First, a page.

Over 20 million user accounts of the hacked popular audio streaming site Mixcloud is now reportedly being sold on the dark web. Pixabay

One of the biggest stories last year was the rise in both the frequency and impact of digital and natural disasters. Cyber attacks like the WannaCry and NotPetya ransomware crippled organizations across the world. Hurricanes devastated the Caribbean, Florida and Texas. Wildfires burned in California, Washington and Oregon. And if predictions are right, it’s only going to get worse.

Last year was one of the costliest for natural disasters ever. Hurricane Irma resulted in the closure of hundreds of Florida businesses, from amusement parks to cruises, and cost them $83 billion in property damage and lost revenue. Tropical Storm Harvey, which hamstrung Houston for weeks, could cost as much as $190 billion.

Cyber attacks can be as disruptive and expensive as natural disasters. Some estimates predicted the cost of ransomware attacks in 2017 alone would exceed $5 billion.

Cyber Threats vs. Natural Disasters

The World Economic Forum (WEF) recently ranked the “Global Risks of Highest Concern for Doing Business” as part of its Global Risks Report 2018. Cyber attacks rank at number 8, while extreme weather events and natural catastrophes come in at 18 and 19, respectively. Extreme weather events and natural disasters were both more likely and more impactful than cyber attacks, but all three rank among the most likely and most destructive events.

When you ask the IT and security professionals themselves, their priorities are clear. According to a Qualtrics survey of 375 business leaders on disaster recovery (DR), 74 percent said they consider a data breach, hack or cyber attack a greater business risk than a natural disaster.

Ranking their concerns, 34 percent listed cyber attacks as their top concern (and 55 percent listed it as one of their top three concerns). Cyber disasters are quickly becoming the 21 st century disaster. But while cyber threats keep them up at night, more experienced a natural disaster (23 percent) than a cyber attack (19 percent), the survey found.

What Does the Future Hold? (Spoiler: More of the Same)

The WEF report notes that cyber attacks against businesses have almost doubled in five years. In 2017, WannaCry infected more than 300,000 computers in 150 countries, with potential damage estimated at $4 billion. NotPetya cost organizations hundreds of millions of dollars.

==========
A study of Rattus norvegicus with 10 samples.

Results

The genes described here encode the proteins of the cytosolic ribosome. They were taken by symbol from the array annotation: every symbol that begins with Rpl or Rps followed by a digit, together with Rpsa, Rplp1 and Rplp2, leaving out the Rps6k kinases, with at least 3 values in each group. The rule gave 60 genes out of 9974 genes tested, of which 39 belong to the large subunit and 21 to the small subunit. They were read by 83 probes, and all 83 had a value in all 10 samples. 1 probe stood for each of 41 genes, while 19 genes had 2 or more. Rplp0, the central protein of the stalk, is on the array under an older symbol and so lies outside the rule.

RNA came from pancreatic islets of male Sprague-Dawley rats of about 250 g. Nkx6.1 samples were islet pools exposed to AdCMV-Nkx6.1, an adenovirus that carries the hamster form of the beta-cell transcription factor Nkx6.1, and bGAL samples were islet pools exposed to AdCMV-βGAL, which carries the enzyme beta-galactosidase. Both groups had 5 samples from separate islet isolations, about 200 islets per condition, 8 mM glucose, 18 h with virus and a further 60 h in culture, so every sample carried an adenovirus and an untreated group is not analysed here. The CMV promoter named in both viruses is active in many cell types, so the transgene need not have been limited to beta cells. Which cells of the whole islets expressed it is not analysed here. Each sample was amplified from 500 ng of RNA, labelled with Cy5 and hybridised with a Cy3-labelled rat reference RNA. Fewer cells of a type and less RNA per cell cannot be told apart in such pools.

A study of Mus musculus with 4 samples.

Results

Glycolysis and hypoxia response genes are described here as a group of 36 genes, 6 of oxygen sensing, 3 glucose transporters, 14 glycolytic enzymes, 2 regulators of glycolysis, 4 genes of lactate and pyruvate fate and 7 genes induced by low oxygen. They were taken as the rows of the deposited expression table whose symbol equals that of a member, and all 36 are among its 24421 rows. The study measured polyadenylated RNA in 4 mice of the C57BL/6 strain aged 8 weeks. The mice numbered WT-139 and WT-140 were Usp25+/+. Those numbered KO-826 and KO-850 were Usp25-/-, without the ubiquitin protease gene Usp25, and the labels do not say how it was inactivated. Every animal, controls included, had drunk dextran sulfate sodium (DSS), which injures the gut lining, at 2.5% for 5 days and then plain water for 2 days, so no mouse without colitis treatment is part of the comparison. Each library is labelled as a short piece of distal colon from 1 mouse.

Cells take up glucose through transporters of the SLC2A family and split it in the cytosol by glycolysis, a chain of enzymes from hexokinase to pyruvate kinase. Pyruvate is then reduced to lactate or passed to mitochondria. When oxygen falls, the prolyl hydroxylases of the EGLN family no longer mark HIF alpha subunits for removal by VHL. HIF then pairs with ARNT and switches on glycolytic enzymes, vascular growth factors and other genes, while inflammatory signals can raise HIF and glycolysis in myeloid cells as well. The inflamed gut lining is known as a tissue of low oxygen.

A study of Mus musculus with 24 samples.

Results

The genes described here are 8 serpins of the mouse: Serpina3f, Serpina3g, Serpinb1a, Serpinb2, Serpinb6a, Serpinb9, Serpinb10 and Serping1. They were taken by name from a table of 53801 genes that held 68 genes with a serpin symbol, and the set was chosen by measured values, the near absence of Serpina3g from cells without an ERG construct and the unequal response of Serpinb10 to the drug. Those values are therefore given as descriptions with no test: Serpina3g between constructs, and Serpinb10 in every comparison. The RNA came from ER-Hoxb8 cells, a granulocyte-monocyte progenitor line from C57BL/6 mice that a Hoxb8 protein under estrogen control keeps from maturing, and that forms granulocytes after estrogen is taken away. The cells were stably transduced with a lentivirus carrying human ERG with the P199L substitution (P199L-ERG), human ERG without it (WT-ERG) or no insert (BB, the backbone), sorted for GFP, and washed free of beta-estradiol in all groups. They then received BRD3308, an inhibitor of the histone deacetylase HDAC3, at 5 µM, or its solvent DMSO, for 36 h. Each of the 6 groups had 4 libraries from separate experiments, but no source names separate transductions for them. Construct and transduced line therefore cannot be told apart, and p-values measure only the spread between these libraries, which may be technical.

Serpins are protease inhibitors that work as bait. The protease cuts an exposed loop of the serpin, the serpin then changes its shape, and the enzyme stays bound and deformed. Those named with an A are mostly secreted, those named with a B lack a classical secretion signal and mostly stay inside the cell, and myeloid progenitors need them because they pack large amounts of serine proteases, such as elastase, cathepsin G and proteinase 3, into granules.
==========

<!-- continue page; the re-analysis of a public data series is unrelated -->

Businesses are likely to remain vulnerable to these kinds of attacks, with awareness being one obstacle. A separate Qualtrics survey of 510 IT decision-makers on cybersecurity found that 15 percent of respondents thought WannaCry was not a known cyber attack, while 14 percent thought the same of NotPetya. Some 43 percent of respondents also admitted to clicking on a link or opening an attachment in a phishing email.

The WEF report also notes that 20.4 billion internet of things (IoT) devices will be online in 2020 — up from 8.7 billion last year. That gives hackers more targets and makes possible more damaging and expensive attacks given the larger attack surface. Nearly half — 46 percent — of organizations are slowing their deployment of IoT devices because of recent cyber threats, the Qualtrics cybersecurity survey found.

At the same time, the 2017 hurricane season is part of a larger trend toward extreme weather events with increasingly expensive recoveries, the WEF report notes. The WEF suggests that hurricanes, wildfires, floods, mudslides and other weather patterns will only grow more frequent in coming years.

It’s for this reason that businesses need to take action. In the end, many organizations will learn their lesson the hard way, rethinking their disaster plans only after being hit with a cyber attack or natural disaster. The most resilient organizations, however, will continually re-evaluate their plan, test for effectiveness and prepare for whatever disaster might come.

Joseph George serves as vice president of global recovery services product management at Sungard AS.